The revived Middle East Peace talks are focused exclusively on the Israeli-Palestinian conflict. But there are other key actors in the search for an overall peace between Israel and its neighbors.
There is a pretty park on a hillside overlooking Israeli farmland. Children climb atop a playground equipment here, while adults sit at a picnic table nearby. There would be nothing remarkable about the scene, except the park is in Lebanon and the flag flying above it is Iran's.
The Islamic Republic, whose leaders say the Israeli state must disappear from the map, gave the garden to the people of southern Lebanon after the 2006 conflict between Israel and Iran's proxy in Lebanon, the militant Shi'ite group Hezbollah.
Role of Hezbollah
The park is one transparent display of money spent in the south since the war. The truckloads of cash handed out by Hezbollah after the war for reconstruction and getting businesses running again is widely believed to have come from Iran.
More difficult to assess are the funds given to keep Hezbollah, which runs much of the south, armed.
Paul Salem, director of the Carnegie Middle East Center in Beirut, says the group has a wide range of short, medium and long-range missiles, although the exact number and what Hezbollah intends to do with them is unclear.
"Who's to say? But apparently, they have a massive capacity to harm Israel through missile systems. Now Hezbollah doesn't want to repeat what happened in 2006. They do not want a war with Israel, if they can help it," he said.
Although Hezbollah claimed victory in that conflict, Lebanon paid a heavy price, and Hezbollah was largely blamed. Cluster bombs still mar the countryside and an estimated 200,000 people remain internally displaced.
Salem argues that Hezbollah has evolved dramatically from the revolutionary Islamist model of its creators to a more integrated part of Lebanon's multi-religious society. Its past attacks on American targets have earned it a place on the U.S. list of terrorist groups. But Hezbollah also holds seats in parliament and ministerial posts in the Lebanese government. And it is continuing its social work, running hospitals, schools - even organic farms.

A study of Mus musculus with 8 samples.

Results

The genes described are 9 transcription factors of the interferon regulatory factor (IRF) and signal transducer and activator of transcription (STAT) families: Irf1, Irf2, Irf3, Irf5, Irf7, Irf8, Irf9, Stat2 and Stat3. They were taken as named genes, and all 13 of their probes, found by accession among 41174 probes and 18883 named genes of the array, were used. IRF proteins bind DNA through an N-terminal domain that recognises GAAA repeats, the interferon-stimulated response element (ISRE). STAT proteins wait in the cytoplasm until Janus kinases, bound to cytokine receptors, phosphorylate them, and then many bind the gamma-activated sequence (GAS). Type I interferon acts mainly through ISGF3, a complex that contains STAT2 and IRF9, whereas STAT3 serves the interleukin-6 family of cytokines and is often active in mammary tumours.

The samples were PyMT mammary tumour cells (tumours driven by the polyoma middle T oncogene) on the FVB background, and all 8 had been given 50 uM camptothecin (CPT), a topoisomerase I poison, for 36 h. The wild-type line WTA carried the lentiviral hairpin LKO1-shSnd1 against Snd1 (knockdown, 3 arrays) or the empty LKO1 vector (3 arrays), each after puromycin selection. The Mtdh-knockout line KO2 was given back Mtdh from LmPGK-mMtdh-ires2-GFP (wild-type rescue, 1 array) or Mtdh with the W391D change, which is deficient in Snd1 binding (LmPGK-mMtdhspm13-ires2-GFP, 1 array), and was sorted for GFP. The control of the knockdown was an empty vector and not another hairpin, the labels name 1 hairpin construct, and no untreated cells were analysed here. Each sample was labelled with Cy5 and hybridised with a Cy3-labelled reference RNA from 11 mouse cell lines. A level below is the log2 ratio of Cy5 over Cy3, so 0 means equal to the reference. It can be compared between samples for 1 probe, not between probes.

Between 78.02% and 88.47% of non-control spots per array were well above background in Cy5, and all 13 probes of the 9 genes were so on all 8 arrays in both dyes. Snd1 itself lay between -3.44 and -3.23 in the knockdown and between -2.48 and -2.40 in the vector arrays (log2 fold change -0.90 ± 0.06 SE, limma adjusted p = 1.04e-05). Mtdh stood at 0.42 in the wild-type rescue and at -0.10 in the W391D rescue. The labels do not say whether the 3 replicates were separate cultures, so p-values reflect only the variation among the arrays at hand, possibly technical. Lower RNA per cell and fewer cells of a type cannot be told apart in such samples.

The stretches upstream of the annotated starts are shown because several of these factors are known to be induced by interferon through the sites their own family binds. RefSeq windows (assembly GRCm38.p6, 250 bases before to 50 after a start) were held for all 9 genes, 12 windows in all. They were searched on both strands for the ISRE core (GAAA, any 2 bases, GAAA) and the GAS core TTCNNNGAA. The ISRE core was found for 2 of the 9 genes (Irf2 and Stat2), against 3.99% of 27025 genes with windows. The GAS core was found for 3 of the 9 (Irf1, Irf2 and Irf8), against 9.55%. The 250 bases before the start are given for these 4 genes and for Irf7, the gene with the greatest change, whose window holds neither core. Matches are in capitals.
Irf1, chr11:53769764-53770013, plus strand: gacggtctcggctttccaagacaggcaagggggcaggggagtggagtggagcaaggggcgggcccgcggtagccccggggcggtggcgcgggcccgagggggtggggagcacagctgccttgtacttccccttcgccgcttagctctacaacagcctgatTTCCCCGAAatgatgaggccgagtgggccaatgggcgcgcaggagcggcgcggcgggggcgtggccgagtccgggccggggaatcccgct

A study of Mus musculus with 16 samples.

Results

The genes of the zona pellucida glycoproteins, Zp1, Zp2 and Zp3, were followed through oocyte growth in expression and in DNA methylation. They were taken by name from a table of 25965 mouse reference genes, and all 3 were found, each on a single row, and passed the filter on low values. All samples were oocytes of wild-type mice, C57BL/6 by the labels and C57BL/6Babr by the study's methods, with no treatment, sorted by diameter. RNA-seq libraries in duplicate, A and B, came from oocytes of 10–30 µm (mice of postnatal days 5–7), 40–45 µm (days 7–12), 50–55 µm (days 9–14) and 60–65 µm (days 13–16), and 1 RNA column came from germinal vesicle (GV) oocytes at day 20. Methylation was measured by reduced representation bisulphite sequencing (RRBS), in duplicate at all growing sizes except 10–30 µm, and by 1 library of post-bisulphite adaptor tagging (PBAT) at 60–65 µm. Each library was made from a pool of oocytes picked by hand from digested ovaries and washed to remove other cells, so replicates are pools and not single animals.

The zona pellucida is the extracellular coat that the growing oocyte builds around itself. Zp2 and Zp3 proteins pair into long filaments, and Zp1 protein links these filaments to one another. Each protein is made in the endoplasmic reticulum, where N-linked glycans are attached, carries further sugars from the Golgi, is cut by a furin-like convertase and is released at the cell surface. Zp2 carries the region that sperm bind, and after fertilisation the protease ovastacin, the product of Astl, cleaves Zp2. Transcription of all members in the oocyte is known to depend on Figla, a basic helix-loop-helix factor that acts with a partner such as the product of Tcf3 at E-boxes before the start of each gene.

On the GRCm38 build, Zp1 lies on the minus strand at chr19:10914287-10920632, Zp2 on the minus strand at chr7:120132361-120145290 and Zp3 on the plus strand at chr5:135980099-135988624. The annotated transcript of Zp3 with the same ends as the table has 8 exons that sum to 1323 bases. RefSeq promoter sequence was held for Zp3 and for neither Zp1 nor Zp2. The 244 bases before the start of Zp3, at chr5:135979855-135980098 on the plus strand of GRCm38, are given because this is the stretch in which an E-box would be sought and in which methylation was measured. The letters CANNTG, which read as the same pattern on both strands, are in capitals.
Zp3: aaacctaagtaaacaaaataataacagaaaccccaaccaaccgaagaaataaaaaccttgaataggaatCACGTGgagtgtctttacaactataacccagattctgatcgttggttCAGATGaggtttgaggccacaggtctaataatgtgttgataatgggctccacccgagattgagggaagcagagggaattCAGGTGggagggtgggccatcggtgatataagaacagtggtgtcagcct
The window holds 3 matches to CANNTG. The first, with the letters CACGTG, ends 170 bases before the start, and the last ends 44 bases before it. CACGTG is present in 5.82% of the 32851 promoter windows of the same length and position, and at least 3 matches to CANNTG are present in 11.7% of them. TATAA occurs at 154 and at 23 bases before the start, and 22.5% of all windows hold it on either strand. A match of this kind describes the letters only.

Signs of normality
Such activities have helped make the past four years ones of relative calm. Among the surprising signs of normality is a young English actor, star of a popular children's movie series, vacationing at the elegant villa of his grandfather, a British-Lebanese historian who lives part-time in what has been referred to as "Hezbollahland."
The quiet is attributed in part to a boosted presence of the United Nations peacekeeping mission, UNIFIL, after 2006, and a return of the Lebanese Armed Forces, or LAF, to the area after an absence of decades.
"The situation has been one of the calmest periods in recent history, and also the relation and coordination with the LAF has been good. And as an important part of this cooperation is that recently the Lebanese Army has also decided to enhance its strength in the south, adding an additional brigade," said UNIFIL spokesman, Andrea Tenenti.
Lebanese Army involvement
But it was the Lebanese Army, not Hezbollah, that was involved in the most serious incident of recent years -- a firefight with Israel last month over the demarcation of the Blue Line. A senior Israeli military officer, three Lebanese soldiers and a journalist were killed.
Despite what was seen as the Lebanese Army's mishandling of the confrontation, its willingness to take on its much better-equipped neighbor raised the idea that it could perhaps undercut Hezbollah's main argument for maintaining its vast arsenal -- national defense.
Retired Lebanese General Elias Hanna says it is unlikely that the army will replace Hezbollah any time soon, not only because he says it is ill-prepared.
"Is there some competition between Hezbollah and the army? For sure, because if you have an army similar to Hezbollah and ready to defend, you don't need Hezbollah. But Hezbollah, really is connected to regional issues, and Hezbollah says it from time to time, the 'Axis of Resistance' -- Lebanon, Syria and Iran," he said.
Iran and regional issues
One of Iran's more immediate regional issues is the possibility of an Israeli airstrike on its nuclear facilities. Israel, along with the United States and other nations, say Iran is seeking to build nuclear weapons, with Israel as an obvious target.
Paul Salem of the Carnegie Middle East Center says that if Israel were to carry out a pre-emptive strike, Iran's only real way to retaliate would be through Hezbollah.
"Now, is anybody happy about that? Are Lebanese happy about that? No. But did Iran arm this force for years and spend hundreds of millions of dollars on this force so as not to be used when they want it? No. That is not the case," he said.
Salem says Iran is not going to allow "a few Lebanese" to block its retaliation for any Israeli attack.